Good question. State has 13000 employees. It has missions in 172 countries. That's 75 employees per country. While 75 employees might be reasonable for a major county like Russia, it is overkill for minor countries like Luxembourg, or Bermuda.
In the 21st century, State has two missions that make sense to me. First to gather intelligence. There is a lotta useful stuff we can pick up by just reading the local newspapers. Like who is who in their government, and in the government's opposition. What are the important industries and businesses? And who runs them? How does the general population feel about things? Geography, good maps are important, and they remain useful for years. During WWII North African operations relied on maps made by the US marines fighting the Barbary pirates of old. All this stuff is important, and gathering it and filing it, is legal.
Second is to give aid and succor to US citizens abroad. Lost or stolen passports, arrest by local authorities, kidnappings, and Lord knows what else. As a mid to lower class American, I like to hope that if I get into trouble in a foreign land I can call on the US consul or ambassador for help.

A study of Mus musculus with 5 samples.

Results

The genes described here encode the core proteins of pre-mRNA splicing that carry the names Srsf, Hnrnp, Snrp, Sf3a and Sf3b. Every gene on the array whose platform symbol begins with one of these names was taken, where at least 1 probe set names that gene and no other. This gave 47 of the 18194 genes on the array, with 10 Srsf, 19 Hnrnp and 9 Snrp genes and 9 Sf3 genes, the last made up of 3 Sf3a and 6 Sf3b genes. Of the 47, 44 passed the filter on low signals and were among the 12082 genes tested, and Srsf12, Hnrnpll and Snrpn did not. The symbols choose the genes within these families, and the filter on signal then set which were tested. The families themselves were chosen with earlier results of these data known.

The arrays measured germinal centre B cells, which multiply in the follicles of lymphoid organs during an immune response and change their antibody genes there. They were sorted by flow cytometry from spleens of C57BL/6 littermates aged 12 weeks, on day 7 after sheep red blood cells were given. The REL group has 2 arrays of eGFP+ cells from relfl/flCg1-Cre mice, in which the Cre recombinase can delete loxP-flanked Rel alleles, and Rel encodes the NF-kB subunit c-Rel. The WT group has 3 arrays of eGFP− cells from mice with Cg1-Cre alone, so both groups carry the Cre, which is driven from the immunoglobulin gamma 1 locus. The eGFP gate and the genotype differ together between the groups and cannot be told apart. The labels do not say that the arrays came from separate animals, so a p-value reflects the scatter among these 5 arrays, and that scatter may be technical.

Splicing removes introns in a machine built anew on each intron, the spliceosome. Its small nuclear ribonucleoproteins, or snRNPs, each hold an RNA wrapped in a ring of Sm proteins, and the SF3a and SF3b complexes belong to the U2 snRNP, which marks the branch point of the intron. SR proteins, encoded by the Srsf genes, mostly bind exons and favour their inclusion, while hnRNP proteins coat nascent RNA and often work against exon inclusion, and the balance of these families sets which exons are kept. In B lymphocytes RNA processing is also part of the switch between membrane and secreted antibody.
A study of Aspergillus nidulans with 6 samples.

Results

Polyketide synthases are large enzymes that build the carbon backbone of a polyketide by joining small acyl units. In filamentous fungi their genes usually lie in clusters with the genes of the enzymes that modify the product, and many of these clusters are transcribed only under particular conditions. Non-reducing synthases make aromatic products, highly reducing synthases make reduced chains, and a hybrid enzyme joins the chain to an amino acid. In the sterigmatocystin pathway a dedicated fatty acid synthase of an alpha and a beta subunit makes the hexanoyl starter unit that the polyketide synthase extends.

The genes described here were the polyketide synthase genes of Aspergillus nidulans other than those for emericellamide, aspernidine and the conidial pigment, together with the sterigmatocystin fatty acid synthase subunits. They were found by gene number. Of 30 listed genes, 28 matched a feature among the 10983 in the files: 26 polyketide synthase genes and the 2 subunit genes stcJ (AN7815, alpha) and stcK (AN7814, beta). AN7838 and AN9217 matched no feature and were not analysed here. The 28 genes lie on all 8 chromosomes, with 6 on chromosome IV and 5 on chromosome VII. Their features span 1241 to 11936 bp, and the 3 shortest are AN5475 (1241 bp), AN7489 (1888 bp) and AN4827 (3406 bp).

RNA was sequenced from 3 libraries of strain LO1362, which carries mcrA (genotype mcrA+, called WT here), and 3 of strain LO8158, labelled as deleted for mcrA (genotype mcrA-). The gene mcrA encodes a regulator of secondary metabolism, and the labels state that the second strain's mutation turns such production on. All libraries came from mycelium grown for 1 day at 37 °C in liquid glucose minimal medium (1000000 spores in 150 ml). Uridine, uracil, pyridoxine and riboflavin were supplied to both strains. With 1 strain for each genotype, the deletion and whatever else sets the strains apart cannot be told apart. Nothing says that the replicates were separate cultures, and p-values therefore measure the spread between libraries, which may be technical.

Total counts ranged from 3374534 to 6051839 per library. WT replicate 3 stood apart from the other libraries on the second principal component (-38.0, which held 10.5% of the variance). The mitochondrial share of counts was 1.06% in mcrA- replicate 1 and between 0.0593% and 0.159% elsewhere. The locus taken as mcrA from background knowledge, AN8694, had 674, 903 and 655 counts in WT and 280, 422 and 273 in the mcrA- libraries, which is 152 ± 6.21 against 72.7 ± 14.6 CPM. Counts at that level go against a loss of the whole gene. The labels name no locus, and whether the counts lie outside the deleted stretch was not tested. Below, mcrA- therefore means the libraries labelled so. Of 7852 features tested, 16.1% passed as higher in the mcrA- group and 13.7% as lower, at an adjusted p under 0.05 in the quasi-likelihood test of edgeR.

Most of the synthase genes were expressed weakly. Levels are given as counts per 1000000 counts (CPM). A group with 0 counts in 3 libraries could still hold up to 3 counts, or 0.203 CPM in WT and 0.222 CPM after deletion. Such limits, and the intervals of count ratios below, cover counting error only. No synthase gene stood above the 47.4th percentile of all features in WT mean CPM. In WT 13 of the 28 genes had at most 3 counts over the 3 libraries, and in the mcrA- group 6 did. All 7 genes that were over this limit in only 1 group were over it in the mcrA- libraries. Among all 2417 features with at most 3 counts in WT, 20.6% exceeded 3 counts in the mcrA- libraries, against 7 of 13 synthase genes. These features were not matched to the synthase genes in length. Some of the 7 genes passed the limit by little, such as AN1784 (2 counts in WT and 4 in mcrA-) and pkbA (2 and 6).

And, in this day and age of air travel and world wide instantaneous communications, heavy duty international negotiations are handled out of Washington DC, not by US ambassadors abroad. In fact president Eisenhower created the National Security Counsel to bypass a State Department that he considered inefficient, and infiltrated by communist agents like Alger Hiss.
So, if we allowed 20 state department employees per country, that yields a headcount of 5120, a helova lot less than the 13000 bodies they have warming chairs today. If we figure each state department bureaucrat costs $100K a year, than laying off 7840 of 'em would save $784 million a year. That's not quite real money in DC speak, but it's still a useful piece of change.